August 22, 2011

Home Alone

It’s 10 A.M. and the house is so quiet. I’m sitting on my bed, in my very own room, surrounded by my notebooks and random scribbled index cards. I spend almost no time in this room, though it is arguably the nicest in the house— peacefully painted a barely-there blue, just enough light from the windows and somehow remains cool even in the middle of the afternoon.

And it’s so quiet.

Today is the first day of school. We were up by 6 in the pre-dawn, out the door by 7. The girls were eager to get going, hair for once smoothly brushed (I pulled out the hairspray, ever hopeful to fend off the Bam-Bam chic they usually sport). Anna’s school was all a-bubble with students and parents waiting outside for those doors to first open. I made Anna lead the way in through the masses even though she kept trying to hide behind me. We got her settled in her class, name tag on and teacher calmly saying hello as if she and Anna were old friends.

Anna clung to me a bit as I left, but never left her seat and didn’t shed a tear. As for me… well. No tears were actually shed, but I won’t deny a misty sheen to my vision as we walked to the car.

Silvia was much harder. Jack and I walked her in. I helped her pick out a cubby, hang up her Very Own Special backpack (a big deal, indeed), said hello to the teacher and then settled her down at a table to color a picture while we waited for some more kids to arrive.

She wouldn’t color. She wouldn’t face the table, instead turning sideways in her chair and trying to lean into my arms. I waited a few more moments then kissed her pale, scared face, pulled her tight arms from my neck and left. When I glanced back, she was standing by her chair, facing the door, arms crossed in front of her. Watching me.

This time, the misty sheen over my sight was accompanied by a tight jaw and focused breathing. Damn. That was hard.

Instead of working out as I had planned, I took Jack home and we played quietly for an hour or so.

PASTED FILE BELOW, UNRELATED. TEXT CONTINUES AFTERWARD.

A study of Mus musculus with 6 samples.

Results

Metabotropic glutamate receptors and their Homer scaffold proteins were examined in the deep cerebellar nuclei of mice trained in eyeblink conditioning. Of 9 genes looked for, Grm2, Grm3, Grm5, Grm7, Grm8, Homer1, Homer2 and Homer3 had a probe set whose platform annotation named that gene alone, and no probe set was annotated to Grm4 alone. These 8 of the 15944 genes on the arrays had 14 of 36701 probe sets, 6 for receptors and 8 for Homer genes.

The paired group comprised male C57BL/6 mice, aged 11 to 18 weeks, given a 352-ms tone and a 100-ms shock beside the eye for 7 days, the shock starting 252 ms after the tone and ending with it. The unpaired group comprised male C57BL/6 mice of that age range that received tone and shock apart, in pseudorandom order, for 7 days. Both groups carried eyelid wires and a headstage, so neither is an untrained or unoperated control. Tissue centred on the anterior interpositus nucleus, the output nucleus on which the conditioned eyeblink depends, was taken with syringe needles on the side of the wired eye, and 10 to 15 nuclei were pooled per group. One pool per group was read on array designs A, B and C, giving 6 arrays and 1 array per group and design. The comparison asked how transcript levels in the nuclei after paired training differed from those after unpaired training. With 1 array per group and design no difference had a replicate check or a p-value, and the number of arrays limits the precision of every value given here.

Quietly. No screaming, no thunder-booms of laughter and toys hitting the ground, no pounding feet echoing across hardwood floors. Just me, a baby and some little cars rolling back and forth, their wheels creating a subtle humm-humm between us.

Jack just went down for a nap and here I am— ensconced on my bed, writing on my own time, listening to nothing but the sound of the fan overhead. I haven’t had a full-day away from the girls since the last week in May, when school finished and we decided to keep them out of summer camp to spend their last weeks in Colorado free.

Strangely, I just don’t know what to do with myself. Chores? Sure, but that feels a little like a waste of quiet and solitude. I could watch TV (and by that I mean NOT Sprout or Nick Jr. or the Disney Channel), but again… precious silence too fragile yet to break.

This is so WEIRD.

And the weirdest thing? I miss my girls, big time. After all the stress and irritation of being home with them, locked inside because of the heat, you'd think I'd be doing a tippy-toe happy dance around the house (so as not the wake the baby). I'm surprised at myself, too. By Friday I'll probably have my dance moves perfected. Today though, I really want to call the schools and ask someone to go check on them, make sure they’re not huddled in a corner crying. I won’t, of course. I did that when Anna first started preschool, but I have three kids now. I’m a big, tough experienced mom, thick skinned and blasé about such things. What-EV-ah, they're fine, who cares. Time to LIVE IT UP.

(I’m gonna go hide the phone now, before I crack and get myself officially labeled as “THAT” mom.)

1 comment:

jenny said...

you did good, mom. the girls are in great hands and i have full confidence that you will find good use for this new "time". I am good friends with one of Sylvia's teachers, Kari Buckhold, and you'll all love her.